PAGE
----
More for Shmuly (continued from here).
R. Moshe Feinstein (Iggeros Moshe, Orach Chaim vol. 1 no. 112) writes that it is forbidden to use toothpaste on Shabbos because it consists of the labor of smoothing (memachek). When someone quoted this to R. Joseph Soloveitchik during class, R. Soloveitchik responded that he didn’t think R. Feinstein fully understood the labor of smoothing. A student then suggested that perhaps R. Feinstein meant the spreading (memarei’ach) sub-category of smoothing, to which R. Soloveitchik responded that if so, he didn’t think that R. Feinstein fully understood the sub-category of spreading.
The categories of smoothing and spreading were best explained to me by R. Jeremy Wieder, after his oldest child was born when we were discussing whether one may rub cream on a baby (note that this was an informal discussion and he could very well have reached a different conclusion at another time). He suggested considering a rough surface that one wishes to smooth. One can sand it down, which would be smoothing (memachek). Or one can spread plaster over it to fill in the grooves and create a smooth surface on top, which would be spreading (memarei’ach). Brushing teeth with toothpaste conforms to neither of these descriptions. This is also the way that R. Soloveitchik (Nefesh Ha-Rav, pp. 168-169), R. Chaim Regensburg (Mishmeres Chaim, no. 9) and R. Ovadiah Yosef (Yabi’a Omer, vol. 4 Orach Chaim 27:2) explain the prohibition.
When brushing teeth, one uses the toothbrush, toothpaste and water to remove dirt/plaque from on top of the teeth without removing (sanding down) anything from the teeth. It therefore does not fall under either smoothing or spreading. However, it could be suggested that one is spreading toothpaste on top of the teeth before spitting it out with the dirt. R. Regensburg answers that brushing is not a careful spreading but a forceful brushing and no smooth layer is created on top. There is a rabbinic prohibition of spreading that applies to spreading thick honey (Shabbos 146b), which would seem similar to toothpaste. However, the application of toothpaste to teeth is so temporary, because it is quickly rinsed off, that it cannot be called spreading at all.
The Tzitz Eliezer (7:30:8) counters that there is no minimum time requirement for spreading and therefore even spreading the toothpaste for a moment is prohibited. R. Ovadiah Yosef adds a postscript to his multiple responsa (or long responsum) on this subject in which he notes the positions of a number of his contemporaries, including the Tzitz Eliezer, and states that he does not find their arguments convincing.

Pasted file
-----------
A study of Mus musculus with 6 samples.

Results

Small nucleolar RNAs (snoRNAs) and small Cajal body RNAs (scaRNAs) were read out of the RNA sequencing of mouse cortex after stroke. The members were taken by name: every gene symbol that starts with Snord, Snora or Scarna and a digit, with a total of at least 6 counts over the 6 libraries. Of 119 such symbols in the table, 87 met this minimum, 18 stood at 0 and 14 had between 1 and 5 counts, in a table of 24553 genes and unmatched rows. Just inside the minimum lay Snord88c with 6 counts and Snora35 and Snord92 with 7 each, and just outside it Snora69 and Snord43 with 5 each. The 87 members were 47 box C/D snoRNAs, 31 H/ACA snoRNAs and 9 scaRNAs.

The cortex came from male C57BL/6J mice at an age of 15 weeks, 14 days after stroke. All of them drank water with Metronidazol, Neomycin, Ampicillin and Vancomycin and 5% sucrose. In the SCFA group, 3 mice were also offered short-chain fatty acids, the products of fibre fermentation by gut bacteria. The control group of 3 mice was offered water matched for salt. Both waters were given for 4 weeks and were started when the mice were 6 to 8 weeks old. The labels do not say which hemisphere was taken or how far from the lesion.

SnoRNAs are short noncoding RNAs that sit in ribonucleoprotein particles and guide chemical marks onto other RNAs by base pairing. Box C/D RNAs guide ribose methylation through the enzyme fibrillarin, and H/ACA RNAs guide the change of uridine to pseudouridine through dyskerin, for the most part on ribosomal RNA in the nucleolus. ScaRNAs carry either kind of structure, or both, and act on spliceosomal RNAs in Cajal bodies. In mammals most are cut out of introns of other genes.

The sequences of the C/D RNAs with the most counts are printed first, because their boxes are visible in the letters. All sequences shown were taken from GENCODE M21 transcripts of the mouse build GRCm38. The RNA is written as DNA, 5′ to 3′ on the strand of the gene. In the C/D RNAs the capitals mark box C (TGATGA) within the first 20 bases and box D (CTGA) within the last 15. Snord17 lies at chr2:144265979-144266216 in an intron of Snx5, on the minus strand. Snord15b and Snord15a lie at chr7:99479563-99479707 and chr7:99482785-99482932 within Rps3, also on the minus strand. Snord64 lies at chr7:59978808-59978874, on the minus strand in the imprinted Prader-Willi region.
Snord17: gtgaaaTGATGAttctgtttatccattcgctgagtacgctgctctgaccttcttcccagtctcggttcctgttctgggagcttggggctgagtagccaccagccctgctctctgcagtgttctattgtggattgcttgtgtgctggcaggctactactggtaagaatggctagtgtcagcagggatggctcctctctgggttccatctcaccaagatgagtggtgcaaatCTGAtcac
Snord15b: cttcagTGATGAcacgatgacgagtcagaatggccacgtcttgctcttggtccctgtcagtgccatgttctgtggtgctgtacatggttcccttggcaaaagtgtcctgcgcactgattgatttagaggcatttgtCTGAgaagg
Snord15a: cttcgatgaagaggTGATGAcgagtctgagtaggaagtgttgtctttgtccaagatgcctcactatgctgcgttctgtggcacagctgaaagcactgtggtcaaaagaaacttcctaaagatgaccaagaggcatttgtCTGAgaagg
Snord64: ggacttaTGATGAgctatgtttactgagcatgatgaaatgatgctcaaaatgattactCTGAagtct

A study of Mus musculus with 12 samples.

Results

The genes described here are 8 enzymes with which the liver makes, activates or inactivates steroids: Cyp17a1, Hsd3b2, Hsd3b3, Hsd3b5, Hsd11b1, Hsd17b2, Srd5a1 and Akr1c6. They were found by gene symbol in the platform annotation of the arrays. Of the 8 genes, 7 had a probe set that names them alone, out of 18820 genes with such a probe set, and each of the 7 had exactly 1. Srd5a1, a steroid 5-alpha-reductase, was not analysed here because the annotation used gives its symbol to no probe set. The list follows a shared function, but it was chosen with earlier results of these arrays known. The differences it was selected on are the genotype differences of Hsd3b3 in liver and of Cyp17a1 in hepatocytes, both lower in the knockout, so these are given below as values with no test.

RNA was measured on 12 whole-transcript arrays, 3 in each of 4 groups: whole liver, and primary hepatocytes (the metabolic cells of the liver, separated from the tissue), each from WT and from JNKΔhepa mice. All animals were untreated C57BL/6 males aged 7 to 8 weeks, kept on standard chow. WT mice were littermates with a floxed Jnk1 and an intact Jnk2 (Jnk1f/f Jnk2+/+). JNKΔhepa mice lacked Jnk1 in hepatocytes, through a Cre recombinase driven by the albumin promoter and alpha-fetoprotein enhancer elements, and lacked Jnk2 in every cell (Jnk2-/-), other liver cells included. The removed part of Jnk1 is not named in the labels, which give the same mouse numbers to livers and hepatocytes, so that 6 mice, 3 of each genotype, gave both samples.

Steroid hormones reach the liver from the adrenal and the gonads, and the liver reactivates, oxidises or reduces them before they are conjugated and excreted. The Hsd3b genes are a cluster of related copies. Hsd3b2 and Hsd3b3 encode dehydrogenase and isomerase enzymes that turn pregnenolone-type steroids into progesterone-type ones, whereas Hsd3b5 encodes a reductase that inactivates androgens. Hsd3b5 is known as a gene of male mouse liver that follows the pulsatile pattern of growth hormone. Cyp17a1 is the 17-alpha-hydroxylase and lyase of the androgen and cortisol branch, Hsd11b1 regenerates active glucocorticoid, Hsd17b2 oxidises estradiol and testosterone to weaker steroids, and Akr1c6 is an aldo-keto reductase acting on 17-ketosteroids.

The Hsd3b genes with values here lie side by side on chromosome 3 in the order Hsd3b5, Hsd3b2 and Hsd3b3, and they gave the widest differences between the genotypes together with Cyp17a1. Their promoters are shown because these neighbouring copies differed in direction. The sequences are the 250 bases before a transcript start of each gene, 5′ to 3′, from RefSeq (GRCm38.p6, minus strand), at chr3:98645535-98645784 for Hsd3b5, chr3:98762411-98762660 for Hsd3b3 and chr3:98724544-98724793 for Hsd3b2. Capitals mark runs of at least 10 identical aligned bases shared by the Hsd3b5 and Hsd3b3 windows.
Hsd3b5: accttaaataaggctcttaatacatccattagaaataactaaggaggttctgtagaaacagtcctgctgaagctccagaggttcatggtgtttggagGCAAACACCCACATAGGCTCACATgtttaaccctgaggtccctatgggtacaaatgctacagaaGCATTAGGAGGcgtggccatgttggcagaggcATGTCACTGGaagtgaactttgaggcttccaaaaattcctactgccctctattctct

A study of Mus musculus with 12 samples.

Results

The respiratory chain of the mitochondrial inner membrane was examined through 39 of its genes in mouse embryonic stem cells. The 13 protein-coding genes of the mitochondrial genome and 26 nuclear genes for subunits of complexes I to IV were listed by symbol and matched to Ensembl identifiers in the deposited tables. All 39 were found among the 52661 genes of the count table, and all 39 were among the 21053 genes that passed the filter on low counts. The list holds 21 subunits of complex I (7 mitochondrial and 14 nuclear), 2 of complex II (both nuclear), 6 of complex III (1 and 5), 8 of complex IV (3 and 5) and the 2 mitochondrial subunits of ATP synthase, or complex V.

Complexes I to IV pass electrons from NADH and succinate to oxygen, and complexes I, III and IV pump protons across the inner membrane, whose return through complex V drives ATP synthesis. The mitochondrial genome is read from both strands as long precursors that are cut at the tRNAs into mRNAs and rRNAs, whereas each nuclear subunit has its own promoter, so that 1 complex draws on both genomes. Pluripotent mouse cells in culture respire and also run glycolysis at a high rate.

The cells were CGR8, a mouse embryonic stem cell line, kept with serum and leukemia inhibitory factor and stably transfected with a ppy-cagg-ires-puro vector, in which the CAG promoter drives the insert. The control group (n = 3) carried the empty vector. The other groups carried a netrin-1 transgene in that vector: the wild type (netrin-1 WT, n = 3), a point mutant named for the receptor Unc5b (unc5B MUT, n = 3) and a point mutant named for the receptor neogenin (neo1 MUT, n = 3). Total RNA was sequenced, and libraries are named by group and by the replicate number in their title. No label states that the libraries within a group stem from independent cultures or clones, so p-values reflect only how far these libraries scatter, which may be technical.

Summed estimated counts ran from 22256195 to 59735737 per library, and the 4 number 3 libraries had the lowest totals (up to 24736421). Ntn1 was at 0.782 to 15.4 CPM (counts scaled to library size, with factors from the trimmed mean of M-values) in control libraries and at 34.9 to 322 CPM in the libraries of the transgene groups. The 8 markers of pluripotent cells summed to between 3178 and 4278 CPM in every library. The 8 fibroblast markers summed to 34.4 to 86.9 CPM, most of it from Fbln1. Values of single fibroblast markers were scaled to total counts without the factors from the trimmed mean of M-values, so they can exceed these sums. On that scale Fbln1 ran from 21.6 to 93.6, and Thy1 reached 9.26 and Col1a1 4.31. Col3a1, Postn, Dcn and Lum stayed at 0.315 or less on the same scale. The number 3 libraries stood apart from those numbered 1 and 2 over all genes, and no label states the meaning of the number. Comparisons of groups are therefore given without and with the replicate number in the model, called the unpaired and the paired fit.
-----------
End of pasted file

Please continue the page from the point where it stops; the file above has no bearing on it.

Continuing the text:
There are a few other potential issues, such as doing a “weekday activity” (uvdin de-chol) and cleaning a toothbrush after use as a form of forbidden preparing for after Shabbos. Most authorities dismiss the former, although R. Chaim Na’eh (Ketzos Ha-Shulchan, vol. 7 p. 99) accepts it. And while R. Moshe Feinstein adopts the latter simply, R. Ovadiah Yosef dismisses the preparation as minor (see Yalkut Yosef, Shabbos vol. 326:13 n. 27) but nevertheless forbids washing off a toothbrush after use because there is no longer a need and one should therefore be strict on the issue of squeezing due to cleaning. There is also a potential issue of molid by turning the semi-solid toothpaste into foam and liquid, but this is almost unanimously dismissed by authorities. On all of these, see R. Aryeh Lebowitz’s article on the subject (link).
The following is an admittedly non-comprehensive list of positions on this subject:
R. Moshe Feinstein: Only use a dry toothbrush without toothpaste
R. Eliezer Waldenberg (Tzitz Eliezer): No toothpaste (no position on toothbrushes)
R. Yitzchak Ya’akov Weiss (Minchas Yitzchak): No toothpaste and no toothbrushes
R. Yechiel Ya’akov Weinberg (Seridei Esh): A wet toothbrush is allowed but not toothpaste*
R. Chaim Na’eh: Toothpaste is allowed but not a toothbrush (use your finger)
R. Ovadiah Yosef: If one feels a need, one may use a toothbrush (designated for Shabbos) and toothpaste but not clean the toothbrush afterwards
R. Chaim Regensburg: One may use a toothbrush and toothpaste (no position offered on cleaning the toothbrush)
R. Joseph B. Soloveitchik: One may use a toothbrush, toothpaste and clean the toothbrush
R. Shlomo Zalman Auerbach: Using a toothbrush without toothpaste is technically permitted but people accepted the binding practice not to do so (in a letter published in Seridei Esh and as quoted in Shemiras Shabbos Ke-Hilchasah ch. 14 n. 9)
- Interestingly, R. Weinberg has two sentences about toothpaste. The first is saying that one may not use it but the second consists of references to sources that imply that toothpaste is permitted.